Girl Talk had it all wrong. Why mash up the familiar when there’s a whole internet of tubes to sample. Every beat, every riff, every note. Somewhere on the tubes, it’s there, waiting. Want a reggae guitar riff in A-minor? Want siren sounds, bass grooves, or perhaps some suburban freestyling? Just search.
This is the genius of Thru-You, a mash-up album made entirely of sampled YouTube clips by the Tel Aviv composer and musician, Kutiman.
Now You are in the band. You are playing lead on the title track. Your bedroom beatboxing and backyard drumming are laying down a groove. You just don’t know it yet. But with a little guidance, a little mixing, editing, and coaxing, your homemade clips come together to form an arresting and vivid composition.
It’s found art in its highest form — a compelling look at people making something bigger than themselves without ever knowing. The rapper on the street, recorded on a cell phone camera, takes on a grand scope encompassed by bass lines and beats. The girl singing alone in her bedroom suddenly finds an orchestra behind her. Even the mundane, clips of school kids clapping and dancing in a gym, becomes a perfectly synced clap track.
Each track is a ready-made music video of grainy images, shaky camera work, and the intimacy of home videos. The star of the fifth track, “Someday,” is a mother singing a lullaby to her child in a beige coated living room. In “Just A Lady,” a barely visible girl sings hauntingly in her room, a performance on the smallest stage.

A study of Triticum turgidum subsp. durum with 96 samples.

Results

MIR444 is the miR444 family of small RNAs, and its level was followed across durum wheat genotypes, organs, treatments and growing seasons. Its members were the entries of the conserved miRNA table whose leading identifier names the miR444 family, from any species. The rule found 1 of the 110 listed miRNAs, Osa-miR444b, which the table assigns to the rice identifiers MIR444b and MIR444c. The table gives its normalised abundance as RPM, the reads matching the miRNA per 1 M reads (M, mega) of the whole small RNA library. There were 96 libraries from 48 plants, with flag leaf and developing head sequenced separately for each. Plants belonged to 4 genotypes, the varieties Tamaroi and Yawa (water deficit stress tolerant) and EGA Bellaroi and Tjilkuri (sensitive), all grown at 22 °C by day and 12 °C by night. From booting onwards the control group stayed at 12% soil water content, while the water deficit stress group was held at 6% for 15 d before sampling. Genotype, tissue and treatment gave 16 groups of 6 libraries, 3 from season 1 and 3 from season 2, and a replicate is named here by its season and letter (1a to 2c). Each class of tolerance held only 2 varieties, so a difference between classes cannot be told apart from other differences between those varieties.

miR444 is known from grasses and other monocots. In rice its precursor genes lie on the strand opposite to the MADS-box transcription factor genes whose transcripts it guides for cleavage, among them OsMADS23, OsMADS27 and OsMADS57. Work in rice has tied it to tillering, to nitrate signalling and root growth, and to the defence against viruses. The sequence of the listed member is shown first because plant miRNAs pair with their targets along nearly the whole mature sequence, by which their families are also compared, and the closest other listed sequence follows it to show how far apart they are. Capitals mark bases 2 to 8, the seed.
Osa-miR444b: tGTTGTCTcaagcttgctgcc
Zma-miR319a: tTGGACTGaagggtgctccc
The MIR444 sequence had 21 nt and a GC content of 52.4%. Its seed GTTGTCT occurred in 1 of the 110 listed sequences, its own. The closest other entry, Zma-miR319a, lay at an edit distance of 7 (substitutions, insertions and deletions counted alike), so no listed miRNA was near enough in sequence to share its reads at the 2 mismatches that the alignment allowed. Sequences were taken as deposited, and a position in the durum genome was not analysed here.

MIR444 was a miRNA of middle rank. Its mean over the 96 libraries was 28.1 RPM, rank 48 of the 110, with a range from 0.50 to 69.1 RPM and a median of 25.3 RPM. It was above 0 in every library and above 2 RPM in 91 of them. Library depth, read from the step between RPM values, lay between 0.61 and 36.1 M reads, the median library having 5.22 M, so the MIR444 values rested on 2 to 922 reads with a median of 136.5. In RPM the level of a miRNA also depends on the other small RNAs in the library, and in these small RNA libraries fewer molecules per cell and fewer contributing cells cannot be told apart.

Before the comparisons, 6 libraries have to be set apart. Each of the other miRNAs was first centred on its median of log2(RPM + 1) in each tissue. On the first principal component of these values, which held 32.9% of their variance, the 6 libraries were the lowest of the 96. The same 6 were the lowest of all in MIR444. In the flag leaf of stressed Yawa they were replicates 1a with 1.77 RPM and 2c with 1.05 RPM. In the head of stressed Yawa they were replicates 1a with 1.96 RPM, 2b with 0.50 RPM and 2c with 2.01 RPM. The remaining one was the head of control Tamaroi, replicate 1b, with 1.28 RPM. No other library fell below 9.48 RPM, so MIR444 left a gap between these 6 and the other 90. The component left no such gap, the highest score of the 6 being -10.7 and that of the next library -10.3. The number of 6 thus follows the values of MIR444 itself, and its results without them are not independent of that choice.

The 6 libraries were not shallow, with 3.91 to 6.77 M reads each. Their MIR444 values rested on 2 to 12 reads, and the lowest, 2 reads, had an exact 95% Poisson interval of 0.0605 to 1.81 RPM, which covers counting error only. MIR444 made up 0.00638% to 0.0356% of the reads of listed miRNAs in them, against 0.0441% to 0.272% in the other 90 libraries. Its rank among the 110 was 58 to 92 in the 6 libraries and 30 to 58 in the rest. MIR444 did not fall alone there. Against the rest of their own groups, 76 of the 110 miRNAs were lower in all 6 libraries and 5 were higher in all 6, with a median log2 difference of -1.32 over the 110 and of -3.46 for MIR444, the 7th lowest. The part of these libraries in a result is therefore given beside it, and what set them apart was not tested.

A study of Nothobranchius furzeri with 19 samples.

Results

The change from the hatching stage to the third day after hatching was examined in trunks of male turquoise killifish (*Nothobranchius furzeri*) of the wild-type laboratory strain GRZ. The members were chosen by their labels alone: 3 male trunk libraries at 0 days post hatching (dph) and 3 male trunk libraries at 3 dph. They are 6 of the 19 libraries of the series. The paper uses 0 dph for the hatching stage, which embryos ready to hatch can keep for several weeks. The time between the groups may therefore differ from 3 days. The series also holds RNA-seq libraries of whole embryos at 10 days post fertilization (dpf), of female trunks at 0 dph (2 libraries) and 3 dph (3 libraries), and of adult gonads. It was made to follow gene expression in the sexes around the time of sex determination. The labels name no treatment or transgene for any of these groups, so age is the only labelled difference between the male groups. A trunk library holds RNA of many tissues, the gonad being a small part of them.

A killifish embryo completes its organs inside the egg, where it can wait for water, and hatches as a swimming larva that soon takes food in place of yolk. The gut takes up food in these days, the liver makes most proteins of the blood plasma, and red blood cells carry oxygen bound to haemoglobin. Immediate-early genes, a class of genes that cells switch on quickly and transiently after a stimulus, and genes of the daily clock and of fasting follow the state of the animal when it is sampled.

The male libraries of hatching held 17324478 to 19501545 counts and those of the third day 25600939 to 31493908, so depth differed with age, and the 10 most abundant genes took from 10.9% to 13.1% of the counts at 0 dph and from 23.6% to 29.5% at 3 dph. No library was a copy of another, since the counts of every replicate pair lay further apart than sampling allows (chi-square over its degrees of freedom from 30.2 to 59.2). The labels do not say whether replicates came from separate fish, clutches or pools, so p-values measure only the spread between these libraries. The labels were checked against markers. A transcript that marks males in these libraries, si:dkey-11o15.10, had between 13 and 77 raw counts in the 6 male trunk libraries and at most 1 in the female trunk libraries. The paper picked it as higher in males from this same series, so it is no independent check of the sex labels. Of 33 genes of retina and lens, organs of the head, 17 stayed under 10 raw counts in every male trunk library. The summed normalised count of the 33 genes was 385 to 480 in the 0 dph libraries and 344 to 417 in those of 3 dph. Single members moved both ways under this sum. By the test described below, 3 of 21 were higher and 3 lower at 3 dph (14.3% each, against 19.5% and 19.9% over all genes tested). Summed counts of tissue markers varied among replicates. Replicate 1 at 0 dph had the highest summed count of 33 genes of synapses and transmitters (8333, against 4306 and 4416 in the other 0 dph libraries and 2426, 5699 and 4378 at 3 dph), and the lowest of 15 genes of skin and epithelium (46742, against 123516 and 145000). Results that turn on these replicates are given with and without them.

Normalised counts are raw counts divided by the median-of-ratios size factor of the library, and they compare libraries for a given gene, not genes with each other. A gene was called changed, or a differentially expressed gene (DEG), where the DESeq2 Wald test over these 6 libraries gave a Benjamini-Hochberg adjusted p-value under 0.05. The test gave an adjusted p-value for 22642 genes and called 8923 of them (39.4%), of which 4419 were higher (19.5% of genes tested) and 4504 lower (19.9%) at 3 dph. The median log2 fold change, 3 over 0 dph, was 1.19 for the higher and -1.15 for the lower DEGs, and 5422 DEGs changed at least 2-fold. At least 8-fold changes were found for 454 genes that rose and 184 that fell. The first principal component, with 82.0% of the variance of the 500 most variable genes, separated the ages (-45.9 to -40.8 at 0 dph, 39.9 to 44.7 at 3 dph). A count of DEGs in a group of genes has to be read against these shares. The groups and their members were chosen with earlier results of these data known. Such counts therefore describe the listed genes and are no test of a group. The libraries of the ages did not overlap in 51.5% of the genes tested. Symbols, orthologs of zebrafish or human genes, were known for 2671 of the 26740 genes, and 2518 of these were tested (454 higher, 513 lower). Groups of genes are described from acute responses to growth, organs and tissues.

In these and almost every still and shot, there’s no inkling that these clips will be used in tracks already viewed hundreds of thousands of times online. It makes you wonder what some of these people would think if they saw their performances in this context. Maybe they’ve daydreamed of fame and rock-stardom. Maybe they made the video to send to a relative. I doubt any of them could have ever imagined they’d be playing parts in one of the most surprising musical projects of the year.
Taken as an album, Thru-You is a breathtaking work of freshness and energy. Its grooves are infectious, and although it’s an album of samples, it draws inspiration as much from The Meters as from The Books. If only the audio tracks were released, they’d warrant repeat listens.
But Thru-You is much more than just an album, for Kutiman has managed to capture the creative energy of the entire YouTube generation. It’s a work that finally manifests the potential of this new media. YouTube has already upturned notions of celebrity, art, music, and media. With Thru-You, Kutiman has brought the YouTube generation to the center of the musical stage and orchestrated a remarkable first movement.